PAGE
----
This is an important year for bond investors. After ten long years the markets are now offering yields on ultra-safe one year treasuries above the inflation rate, as measured by Personal Consumption Expenditures (PCE). Over the last decade if we wanted to keep up with inflation we needed to take risk longer out on the yield curve or with higher risk bonds. Funds flow data shows investors are attuned to these better yields and are moving funds to short-term high quality bond strategies.
The small downside to rising rates is flat to slightly negative total returns on high quality assets. However, total returns are likely to move closer to current yield levels once the Fed has finished normalizing rates, absent a recession. Market consensus is that the Fed has already completed most of the heavy lifting and there are fewer rate increases ahead of us than behind us.
There is always an argument to hold safe bonds in a portfolio, but now the decision is far easier.
Chart 1: One Year Treasuries Finally Above Inflation
(1) Assumes federal tax rate of 32%
After the late September Federal Open Market Committee (FOMC) meeting the fed funds rate is now targeted to be 2.00-2.25%. This is a large increase from what was close to zero as recently as late 2015. For 2018 it is anticipated we will have 4 rate increases in the fed funds rate, which could make this year the most aggressive period of rate increases during the normalization process. In 2019 the FOMC is projecting the fed funds rate to be a little higher than 3.0%, but the markets are more skeptical and think the Fed will need to dial back on rate increases for a number of potential reasons including slower domestic growth, emerging market weakness, or some other unforeseen event.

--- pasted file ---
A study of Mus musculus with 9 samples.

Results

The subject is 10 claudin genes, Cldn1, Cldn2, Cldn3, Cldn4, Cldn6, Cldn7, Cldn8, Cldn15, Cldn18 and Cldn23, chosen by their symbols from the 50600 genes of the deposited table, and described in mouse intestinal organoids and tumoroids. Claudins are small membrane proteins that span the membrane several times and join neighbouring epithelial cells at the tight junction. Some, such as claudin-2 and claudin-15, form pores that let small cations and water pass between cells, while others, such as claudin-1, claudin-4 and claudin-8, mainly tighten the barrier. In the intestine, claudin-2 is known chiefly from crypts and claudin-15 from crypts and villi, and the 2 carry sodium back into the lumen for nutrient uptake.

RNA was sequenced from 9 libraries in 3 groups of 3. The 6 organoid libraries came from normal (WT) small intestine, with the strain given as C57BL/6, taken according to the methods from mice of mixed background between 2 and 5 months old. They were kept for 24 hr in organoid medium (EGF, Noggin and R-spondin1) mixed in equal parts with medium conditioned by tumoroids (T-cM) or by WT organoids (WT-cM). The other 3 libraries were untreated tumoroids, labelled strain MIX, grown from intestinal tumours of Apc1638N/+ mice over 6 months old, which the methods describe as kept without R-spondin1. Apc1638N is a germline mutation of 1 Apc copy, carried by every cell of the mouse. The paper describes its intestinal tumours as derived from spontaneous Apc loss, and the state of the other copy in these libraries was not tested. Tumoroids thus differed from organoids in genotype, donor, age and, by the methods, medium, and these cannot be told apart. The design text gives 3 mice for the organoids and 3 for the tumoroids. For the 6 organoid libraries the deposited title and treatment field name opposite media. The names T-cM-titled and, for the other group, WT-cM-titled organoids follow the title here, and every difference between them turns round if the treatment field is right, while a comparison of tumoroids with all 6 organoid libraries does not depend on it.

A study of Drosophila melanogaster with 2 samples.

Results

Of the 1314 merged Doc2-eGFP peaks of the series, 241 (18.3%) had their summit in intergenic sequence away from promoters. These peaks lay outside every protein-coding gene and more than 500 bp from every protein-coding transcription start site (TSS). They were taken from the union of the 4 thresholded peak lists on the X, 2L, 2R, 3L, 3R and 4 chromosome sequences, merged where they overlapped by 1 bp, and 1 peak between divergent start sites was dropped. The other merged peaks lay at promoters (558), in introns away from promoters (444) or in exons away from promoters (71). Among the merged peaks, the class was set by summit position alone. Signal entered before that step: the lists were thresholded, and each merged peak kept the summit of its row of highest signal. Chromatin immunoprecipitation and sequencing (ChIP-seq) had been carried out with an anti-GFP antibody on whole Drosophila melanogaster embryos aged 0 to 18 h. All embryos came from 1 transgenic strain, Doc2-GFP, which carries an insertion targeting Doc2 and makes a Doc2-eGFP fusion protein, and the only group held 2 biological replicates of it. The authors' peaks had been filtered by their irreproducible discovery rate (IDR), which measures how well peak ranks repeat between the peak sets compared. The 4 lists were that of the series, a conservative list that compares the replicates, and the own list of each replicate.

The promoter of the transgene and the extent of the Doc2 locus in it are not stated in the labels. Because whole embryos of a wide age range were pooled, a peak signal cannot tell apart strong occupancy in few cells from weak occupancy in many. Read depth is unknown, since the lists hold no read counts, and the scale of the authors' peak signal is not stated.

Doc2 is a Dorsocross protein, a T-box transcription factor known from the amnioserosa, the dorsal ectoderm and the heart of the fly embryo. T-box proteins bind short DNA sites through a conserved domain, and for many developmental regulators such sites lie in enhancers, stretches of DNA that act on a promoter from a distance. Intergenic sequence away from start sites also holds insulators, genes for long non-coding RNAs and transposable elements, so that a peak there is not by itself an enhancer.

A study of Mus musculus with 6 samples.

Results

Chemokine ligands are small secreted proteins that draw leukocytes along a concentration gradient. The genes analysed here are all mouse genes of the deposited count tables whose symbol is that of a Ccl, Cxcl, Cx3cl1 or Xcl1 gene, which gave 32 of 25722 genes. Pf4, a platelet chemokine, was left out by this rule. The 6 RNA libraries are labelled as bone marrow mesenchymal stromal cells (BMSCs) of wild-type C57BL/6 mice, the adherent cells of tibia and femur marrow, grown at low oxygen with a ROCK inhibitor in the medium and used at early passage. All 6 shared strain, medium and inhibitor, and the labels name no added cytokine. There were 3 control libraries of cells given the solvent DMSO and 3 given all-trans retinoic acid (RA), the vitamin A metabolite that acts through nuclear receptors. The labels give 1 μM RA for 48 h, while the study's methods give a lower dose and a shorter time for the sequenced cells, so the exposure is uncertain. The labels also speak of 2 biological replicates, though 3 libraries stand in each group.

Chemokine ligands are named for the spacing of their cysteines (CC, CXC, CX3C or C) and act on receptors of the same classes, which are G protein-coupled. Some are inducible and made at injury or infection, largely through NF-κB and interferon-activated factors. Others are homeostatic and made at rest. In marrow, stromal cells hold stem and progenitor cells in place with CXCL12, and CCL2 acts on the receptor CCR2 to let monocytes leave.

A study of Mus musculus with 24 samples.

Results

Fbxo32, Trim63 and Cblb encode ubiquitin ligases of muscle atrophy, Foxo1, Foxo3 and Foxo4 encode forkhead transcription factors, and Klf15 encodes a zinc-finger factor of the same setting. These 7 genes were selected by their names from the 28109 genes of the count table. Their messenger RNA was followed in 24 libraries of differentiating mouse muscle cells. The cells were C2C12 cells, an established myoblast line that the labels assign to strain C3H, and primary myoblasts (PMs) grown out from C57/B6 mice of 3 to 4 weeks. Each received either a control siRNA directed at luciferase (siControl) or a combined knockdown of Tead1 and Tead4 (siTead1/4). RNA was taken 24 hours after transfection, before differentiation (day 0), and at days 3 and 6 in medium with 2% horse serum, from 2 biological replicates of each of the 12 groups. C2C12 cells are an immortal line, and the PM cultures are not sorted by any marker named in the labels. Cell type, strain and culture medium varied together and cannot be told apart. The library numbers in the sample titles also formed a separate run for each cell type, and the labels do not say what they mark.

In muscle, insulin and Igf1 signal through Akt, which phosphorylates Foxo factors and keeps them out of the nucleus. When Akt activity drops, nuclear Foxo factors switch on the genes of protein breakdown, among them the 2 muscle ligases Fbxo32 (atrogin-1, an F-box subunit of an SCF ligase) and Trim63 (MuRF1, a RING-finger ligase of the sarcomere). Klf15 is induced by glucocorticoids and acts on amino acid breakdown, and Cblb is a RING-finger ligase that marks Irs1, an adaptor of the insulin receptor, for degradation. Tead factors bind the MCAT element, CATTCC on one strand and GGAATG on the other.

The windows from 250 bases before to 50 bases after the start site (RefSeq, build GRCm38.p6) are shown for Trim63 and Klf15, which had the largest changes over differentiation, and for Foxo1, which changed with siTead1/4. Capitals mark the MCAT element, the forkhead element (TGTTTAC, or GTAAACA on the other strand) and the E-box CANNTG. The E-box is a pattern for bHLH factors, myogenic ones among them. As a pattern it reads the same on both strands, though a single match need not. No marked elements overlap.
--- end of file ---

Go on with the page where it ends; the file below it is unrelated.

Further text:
Municipals continue to lead returns in 2018 as good technical trends are supporting performance. The 2017 tax reform bill reduced the supply of municipal bonds, as this law eliminated the ability for municipalities to issue advance refunding bonds on a tax-exempt basis. Less supply with steady demand has created a favorable technical backdrop. On top of these good technicals, strong fundamental credit quality adds to the attractiveness of municipals.
This has been a bumpier year for corporates than for municipals. Credit spreads are slightly wider over the course of the year as the market anticipates that corporate earnings are peaking, spreads are historically tight and higher supply due to M&A activity could occur. With spreads slightly wider and overall yields more attractive, we are finding good opportunities in short-maturity corporates that should produce positive returns over treasures even if corporates widen modestly from here.
Our outlook for the rest of the year and into 2019 is similar to what has occurred year-to-date. The Fed is likely to continue raising the fed funds rate, the economy will continue to grow above potential due to still accommodating monetary and fiscal policy, yet domestic and geopolitical headlines will continue to buffer markets and investors will continue to speculate just how much longer this economic cycle has to run. But with short-term yields now above the inflation rate, high quality bonds offer good value and safety.